In previous installments, we've talked about the various types of iron sights as well as their pros and cons. This week, we'll cover sight adjustments. Iron sights are either fixed or adjustable.
Fixed Sights This term is somewhat misleading, as most fixed sights can be regulated to change point of impact. Fixed-sight units mounted on the slide, receiver or barrel using a dovetail can be drifted using a small hammer to effect horizontal changes in the point of impact. Normally, this is done to the rear sight, as many front sights are permanently attached by staking, silver-soldering or with adhesives. Front sights that are dovetailed in the slide or barrel can also be drifted. Changes in elevation can be made by removing or adding material to the front or rear sight. The effect on point of impact will be opposite, depending on which sight is altered. To move point of impact downward, one should either add material to the front sight or remove material from the rear sight. Conversely, adding material to the rear sight or removing it from the front sight moves the point of impact upward.
Getting the gun to shoot to point of aim can be calculated by using the following formula that gives the change in sight height or windage to move bullet impacts to the point of aim at a given range:
X = desired change in bullet impact in inches sight radius in inches distance to target in inches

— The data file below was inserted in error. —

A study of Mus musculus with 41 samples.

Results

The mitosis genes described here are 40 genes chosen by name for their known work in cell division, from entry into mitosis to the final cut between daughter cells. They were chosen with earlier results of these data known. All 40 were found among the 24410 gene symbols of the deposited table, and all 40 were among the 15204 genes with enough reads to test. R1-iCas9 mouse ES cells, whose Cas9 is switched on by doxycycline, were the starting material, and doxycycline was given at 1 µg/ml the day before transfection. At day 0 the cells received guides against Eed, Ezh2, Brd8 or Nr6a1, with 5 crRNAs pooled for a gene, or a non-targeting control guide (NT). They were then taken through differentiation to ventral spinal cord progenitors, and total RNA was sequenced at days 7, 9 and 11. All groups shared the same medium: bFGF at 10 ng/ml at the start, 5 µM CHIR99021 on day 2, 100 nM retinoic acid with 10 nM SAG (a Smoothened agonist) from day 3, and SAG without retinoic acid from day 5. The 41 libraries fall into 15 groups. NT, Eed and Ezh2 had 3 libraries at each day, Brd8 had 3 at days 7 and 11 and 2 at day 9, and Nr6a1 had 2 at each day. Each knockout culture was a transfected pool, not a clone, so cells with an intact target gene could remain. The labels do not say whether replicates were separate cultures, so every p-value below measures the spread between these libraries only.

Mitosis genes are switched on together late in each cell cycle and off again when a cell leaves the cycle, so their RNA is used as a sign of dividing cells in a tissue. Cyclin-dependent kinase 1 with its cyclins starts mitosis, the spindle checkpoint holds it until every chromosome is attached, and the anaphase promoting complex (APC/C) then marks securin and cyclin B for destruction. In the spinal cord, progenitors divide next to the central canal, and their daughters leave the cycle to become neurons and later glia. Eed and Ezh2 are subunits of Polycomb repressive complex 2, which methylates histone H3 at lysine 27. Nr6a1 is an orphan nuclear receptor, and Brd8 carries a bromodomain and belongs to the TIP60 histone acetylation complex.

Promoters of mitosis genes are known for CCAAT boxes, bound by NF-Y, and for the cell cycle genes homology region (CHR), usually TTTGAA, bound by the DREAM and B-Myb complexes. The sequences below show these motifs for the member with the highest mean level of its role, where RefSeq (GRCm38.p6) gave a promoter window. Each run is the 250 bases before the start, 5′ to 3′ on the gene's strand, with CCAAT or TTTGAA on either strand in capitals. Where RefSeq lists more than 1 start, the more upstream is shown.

X is the amount of change in sight height or sight windage in inches needed to bring bullet impact to the point of aim.
Adjustable Sights Adjustable-sight units frequently use screw mechanisms mounted horizontally and vertically in the sight body to cause the sight blade or aperture to move laterally and/or vertically. Some screw-adjustment mechanisms have audible clicks, while others do not. Nearly all have graduations inscribed or painted on the sight body and an indicator on the adjustment screw or knob. On some hunting rifles, vertical adjustment of the rear sight is made by movement of a stepped piece called an elevator, or a sight block, that slides on an inclined dovetail. Many military rifles use a ladder rear sight, in which sliding the rear sight block along a hinged, folding, ladder-like piece elevates the sight to varying degrees. Usually the ladder has ranges inscribed on it, so that positioning the sight on a given point on the ladder gives the required degree of elevation for the range indicated.
Regardless of the mechanism for adjustment, the process is the same: The rear sight is moved in the same direction as the desired change in bullet impact. Thus, to move bullet impact to the right, the rear sight must be moved to the right. With an adjustable front sight, the sight is moved in the direction opposite to the desired change in impact.